GM takes hard steps towards electrification in USA
General Motors has announced a comprehensive restructuring plan to save six billion dollars annually by the end of 2020. This will free up funds to invest in the development and production of electric cars and autonomous vehicles, but also means closing down large U.S. factories.
The largest car manufacturer in the U.S said that financing for these areas will be doubled in the next two years, stating that “GM now intends to prioritize future vehicle investments in its next-generation battery-electric architectures.” The restructuring has a massive impact on employees: GM plans to cut 15 per cent of jobs in North America and potentially close five plants.
GM Chairman and CEO Mary Barra justified the planned restructuring saying, “The actions we are taking today continue our transformation to be highly agile, resilient and profitable, while giving us the flexibility to invest in the future.” General Motors is aware that it has to adapt to changing market conditions and customer preferences in order to be successful in the long term. The move prove unpopular with U.S. President Donald Trump, who reacted furiously to the announcement. In an interview with the Wall Street Journal, he called on Barra to stop manufacturing in China, insisting that GM should produce its vehicles in the USA.
The annual savings of 6 billion dollars are to be achieved by reducing costs by 4.5 billion dollars per annum and cutting investments by 1.5 billion dollars. The plants threatened with closure are two in Detroit, one in Ohio, one in Baltimore and one in the Canadian state of Ontario. Collective bargaining with the unions will take place in 2019, where production will cease and other models will be built. General Motors will also cease the operations of two additional plants outside North America by the end of 2019, in addition to the previously announced closure of the assembly plant in Gunsan, Korea. It is unlikely that GM will attempt to convert less used plants into purely electric car factories, as is planned by Volkswagen.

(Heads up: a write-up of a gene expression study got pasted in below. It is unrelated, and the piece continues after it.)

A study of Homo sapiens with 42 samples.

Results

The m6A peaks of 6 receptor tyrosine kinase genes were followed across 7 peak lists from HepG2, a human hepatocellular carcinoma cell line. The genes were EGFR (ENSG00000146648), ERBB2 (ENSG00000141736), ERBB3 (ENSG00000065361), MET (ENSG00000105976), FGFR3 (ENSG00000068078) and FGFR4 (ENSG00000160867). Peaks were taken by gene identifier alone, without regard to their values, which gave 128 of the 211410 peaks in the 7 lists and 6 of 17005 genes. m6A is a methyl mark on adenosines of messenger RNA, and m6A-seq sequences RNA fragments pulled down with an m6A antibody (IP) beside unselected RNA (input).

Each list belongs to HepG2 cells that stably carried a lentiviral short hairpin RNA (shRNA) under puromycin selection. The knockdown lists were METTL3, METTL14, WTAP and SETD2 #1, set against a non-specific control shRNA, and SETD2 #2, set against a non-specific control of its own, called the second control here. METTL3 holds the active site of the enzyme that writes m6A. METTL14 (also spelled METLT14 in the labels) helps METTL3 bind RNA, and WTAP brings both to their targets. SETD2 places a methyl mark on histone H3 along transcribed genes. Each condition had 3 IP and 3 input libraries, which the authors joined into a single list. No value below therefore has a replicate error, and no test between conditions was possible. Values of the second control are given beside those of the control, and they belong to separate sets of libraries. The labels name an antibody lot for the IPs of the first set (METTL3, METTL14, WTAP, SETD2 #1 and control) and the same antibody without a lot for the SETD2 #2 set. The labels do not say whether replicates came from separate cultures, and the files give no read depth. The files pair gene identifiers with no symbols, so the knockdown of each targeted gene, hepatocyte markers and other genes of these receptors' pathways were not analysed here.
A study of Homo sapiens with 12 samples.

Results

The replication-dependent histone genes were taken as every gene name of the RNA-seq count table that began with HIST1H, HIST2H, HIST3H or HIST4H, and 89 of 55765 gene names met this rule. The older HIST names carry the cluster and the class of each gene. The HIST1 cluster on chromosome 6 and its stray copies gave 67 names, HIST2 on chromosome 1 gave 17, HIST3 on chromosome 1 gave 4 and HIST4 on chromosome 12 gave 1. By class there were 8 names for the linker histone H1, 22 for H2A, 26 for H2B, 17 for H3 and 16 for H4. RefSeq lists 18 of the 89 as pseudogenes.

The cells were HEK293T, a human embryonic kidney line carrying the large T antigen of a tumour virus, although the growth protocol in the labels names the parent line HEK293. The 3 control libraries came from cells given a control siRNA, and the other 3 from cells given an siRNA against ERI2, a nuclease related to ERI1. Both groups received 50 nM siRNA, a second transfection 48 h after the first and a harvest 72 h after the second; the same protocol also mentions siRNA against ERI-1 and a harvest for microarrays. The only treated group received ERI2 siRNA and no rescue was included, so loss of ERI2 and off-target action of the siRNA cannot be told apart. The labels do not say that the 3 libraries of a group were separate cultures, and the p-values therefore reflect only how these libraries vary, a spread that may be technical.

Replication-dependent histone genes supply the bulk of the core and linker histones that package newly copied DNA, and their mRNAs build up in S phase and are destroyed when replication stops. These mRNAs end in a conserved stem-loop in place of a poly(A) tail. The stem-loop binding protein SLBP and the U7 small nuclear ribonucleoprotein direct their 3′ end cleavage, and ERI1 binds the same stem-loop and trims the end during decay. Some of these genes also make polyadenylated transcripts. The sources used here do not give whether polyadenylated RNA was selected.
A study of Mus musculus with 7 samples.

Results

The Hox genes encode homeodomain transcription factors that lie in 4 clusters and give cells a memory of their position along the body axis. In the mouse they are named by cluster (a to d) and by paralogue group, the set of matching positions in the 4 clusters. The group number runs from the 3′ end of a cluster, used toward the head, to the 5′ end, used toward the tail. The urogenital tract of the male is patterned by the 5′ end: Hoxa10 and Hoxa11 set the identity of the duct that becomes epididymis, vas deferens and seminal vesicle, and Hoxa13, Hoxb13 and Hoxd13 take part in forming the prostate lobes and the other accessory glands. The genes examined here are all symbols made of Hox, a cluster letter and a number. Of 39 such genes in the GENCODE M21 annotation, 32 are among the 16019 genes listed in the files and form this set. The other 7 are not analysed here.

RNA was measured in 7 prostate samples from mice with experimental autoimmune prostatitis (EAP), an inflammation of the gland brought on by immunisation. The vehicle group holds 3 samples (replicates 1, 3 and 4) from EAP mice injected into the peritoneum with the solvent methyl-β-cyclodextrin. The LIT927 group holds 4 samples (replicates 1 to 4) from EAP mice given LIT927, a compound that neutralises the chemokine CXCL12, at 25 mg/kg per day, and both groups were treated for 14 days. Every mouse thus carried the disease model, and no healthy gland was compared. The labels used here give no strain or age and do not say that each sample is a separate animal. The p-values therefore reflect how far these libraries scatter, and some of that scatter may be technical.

The U.S. manufacturer is making clear that, like Ford, it wants to move away from the sedans that are no longer in such demand. The company will instead increase its focus on trucks, crossovers and SUVs. A number of models will also be discontinued, including the crossover Chevrolet Volt. Apparently the Chevy Volt is also being hit: according to information from electrek, production of the hybrid will be discontinued from March 2019.
In late 2017, General Motors announced its intention to market a total of 20 electric vehicles by 2023, including five crossovers, three minivans and seven SUVs. The majority of these models will be based on a new platform planned for 2021. Just last spring, the company announced investments in two plants, in Michigan and Brownstown, where the development of autonomous electric cars is being driven forward. In addition, the U.S. automaker recently surprised with a push for U.S.-wide legislation to achieve an electric car share of 25 per cent of new cars in the United States by 2030.